More on #M2M: It’s a Long-Term Game

Written by GoS on . Posted in News

Momentum around M2M is certainly growing. But, there are many question marks about how the market will evolve. It’s not just the enormous potential that captures attention: there are issues such as profit margin, distribution, roaming, and more, as a recent article in Total Telecom online makes clear.

While there is disagreement regarding margin potential, there are question marks about the cost of supporting complex M2M applications, particularly in cases where devices roam between countries and networks. Although much of the flood of M2M data will be neither real-time nor mission critical, there will be a significant proportion that will be both. This means that QoS guarantees, SLAs and the like will become as important in the M2M world as they are in traditional mobile networks.

It’s also likely that higher-value applications will have greater QoS and service guarantee attributes. In order to support, for example, tracking of medical devices on a global basis, network infrastructure needs to be in place. And, all M2M devices will need to be provisioned successfully on activation, even if they have been dormant for considerable periods of time. High-margin applications will need QoS guarantees because they may be more important, but lower margin applications will also need QoS guarantees because the impact of support costs in thin margins could be ruinous.

Visibility and Control: Key Weapons in the Fight Against Churn

Written by GoS on . Posted in News

Recent research from Analysis Mason suggests that churn in mobile networks has decreased recently. A number of factors have been identified, such as price stability and longer contract duration.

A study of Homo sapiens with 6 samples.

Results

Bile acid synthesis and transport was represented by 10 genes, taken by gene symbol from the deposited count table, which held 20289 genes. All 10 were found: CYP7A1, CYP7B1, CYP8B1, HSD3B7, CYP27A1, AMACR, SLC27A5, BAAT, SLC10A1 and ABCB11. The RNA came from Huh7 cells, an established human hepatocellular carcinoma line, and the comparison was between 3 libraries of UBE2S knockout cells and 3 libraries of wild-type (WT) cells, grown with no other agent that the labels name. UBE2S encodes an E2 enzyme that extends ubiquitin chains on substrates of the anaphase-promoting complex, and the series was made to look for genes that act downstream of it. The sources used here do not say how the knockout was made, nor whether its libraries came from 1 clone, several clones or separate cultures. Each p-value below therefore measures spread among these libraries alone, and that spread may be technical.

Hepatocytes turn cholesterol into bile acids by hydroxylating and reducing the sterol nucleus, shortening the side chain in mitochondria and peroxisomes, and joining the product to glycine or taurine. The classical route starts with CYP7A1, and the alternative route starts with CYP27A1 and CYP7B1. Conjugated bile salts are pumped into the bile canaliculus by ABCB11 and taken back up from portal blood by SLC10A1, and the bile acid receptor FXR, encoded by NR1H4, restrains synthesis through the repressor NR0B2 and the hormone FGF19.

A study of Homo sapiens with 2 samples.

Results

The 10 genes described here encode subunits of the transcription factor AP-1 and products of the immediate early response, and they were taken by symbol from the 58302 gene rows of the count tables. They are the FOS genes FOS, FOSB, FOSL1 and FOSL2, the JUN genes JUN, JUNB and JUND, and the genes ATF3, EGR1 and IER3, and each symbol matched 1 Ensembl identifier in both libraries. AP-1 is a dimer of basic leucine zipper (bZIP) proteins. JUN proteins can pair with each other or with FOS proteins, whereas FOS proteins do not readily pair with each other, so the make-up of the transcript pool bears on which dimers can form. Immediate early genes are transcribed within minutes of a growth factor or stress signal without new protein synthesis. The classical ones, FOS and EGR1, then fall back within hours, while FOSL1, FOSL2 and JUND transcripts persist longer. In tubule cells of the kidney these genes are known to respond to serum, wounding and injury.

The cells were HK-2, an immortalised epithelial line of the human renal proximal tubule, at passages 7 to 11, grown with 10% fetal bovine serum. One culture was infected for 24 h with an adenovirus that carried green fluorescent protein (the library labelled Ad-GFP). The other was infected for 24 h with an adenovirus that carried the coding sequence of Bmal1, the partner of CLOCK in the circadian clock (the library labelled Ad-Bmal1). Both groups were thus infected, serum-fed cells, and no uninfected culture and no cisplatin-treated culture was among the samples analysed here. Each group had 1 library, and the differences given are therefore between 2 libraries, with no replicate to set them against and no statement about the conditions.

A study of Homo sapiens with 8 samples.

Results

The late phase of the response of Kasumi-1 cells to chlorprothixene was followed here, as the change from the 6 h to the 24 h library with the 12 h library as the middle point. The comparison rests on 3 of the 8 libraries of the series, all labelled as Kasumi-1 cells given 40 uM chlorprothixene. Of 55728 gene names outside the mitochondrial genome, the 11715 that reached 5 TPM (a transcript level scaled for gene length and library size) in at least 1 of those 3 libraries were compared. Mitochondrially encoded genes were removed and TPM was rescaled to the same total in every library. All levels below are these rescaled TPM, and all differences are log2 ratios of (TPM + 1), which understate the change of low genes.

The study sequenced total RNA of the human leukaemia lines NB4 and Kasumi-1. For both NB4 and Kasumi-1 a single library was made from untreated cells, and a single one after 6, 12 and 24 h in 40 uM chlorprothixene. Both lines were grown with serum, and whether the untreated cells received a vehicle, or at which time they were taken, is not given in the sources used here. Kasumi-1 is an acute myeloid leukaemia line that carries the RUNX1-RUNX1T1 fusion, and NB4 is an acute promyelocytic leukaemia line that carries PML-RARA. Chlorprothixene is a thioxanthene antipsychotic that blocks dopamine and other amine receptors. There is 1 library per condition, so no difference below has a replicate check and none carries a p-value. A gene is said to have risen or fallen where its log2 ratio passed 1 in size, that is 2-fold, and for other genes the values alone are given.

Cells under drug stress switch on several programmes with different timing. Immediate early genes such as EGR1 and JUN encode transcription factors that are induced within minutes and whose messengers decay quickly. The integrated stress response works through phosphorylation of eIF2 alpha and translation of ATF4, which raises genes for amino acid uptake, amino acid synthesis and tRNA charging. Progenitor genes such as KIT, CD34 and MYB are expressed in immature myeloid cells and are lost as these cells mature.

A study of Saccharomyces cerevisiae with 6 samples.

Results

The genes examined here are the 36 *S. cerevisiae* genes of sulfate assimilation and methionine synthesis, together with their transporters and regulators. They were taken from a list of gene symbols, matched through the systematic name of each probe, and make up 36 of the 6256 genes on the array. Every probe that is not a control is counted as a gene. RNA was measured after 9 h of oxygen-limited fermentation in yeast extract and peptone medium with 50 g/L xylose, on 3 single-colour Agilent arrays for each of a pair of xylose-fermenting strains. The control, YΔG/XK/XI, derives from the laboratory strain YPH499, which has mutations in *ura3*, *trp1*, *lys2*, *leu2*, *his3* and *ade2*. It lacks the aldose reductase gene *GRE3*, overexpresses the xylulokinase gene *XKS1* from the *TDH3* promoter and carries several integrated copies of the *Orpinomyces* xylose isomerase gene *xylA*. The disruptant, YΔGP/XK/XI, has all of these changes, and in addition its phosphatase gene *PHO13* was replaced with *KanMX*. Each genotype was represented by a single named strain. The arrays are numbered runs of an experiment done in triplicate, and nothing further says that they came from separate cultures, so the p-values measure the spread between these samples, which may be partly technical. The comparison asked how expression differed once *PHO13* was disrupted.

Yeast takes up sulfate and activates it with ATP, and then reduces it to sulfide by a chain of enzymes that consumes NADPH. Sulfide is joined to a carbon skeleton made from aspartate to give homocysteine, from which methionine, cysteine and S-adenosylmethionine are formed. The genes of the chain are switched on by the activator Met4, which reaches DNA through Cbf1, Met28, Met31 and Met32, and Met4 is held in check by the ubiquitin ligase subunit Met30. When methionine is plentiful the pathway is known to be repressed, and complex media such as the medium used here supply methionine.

However, the author goes on to warn that mobile operators cannot afford to be complacent about this situation. Access to content and applications is suggested as a likely future catalyst towards churn. But, it’s not just going to be access to the content and services per se – there will very likely be a mix offered by each operator – but user experience of those services and content is going to become increasingly important. If my experience of a service is better on a different provider network and I am able to do so, I may well churn if it’s sufficiently important to motivate me.

That’s why operators are going to have to take more and more steps to increase the visibility of what happens on their networks, right down to the level of the handset or user device. Without this detailed knowledge, they won’t be able to take steps to guard against churn by taking control of specific services that are delivered to user devices.

Visibility and control of user devices are going to become key weapons in the battle to retain customers – after all, customer retention is much, much cheaper than customer acquisition.

Customer Support Needs Visibility of User Traffic

Written by GoS on . Posted in Blog

Customer support is costly but essential. Adopters of advanced mobile broadband services may place an increased support burden on customer service teams. And, with thin margins, time spent talking to customer service agents reduces the AMPU for each unhappy customer.

Customer service agents need to see what is actually happening at the level of the user device. They need visibility of user application demand, usage and consumption. But, currently, they are limited to what is available from the network. If customer service agents are able to see what the customer is seeing, to experience what they are experiencing, it will dramatically reduce the time it takes to solve problems, potentially resulting in significant savings, including avoiding the cost of finding new customers to replace those who churn to rival networks in frustration.

Don’t forget, every “moment of truth” through customer touch-points is an opportunity to win, lose or retain a customer. Customer service is an essential part of the relationship management – possibly the single most important element of the on-going relationship. It needs investment – both to save money and to grow profits.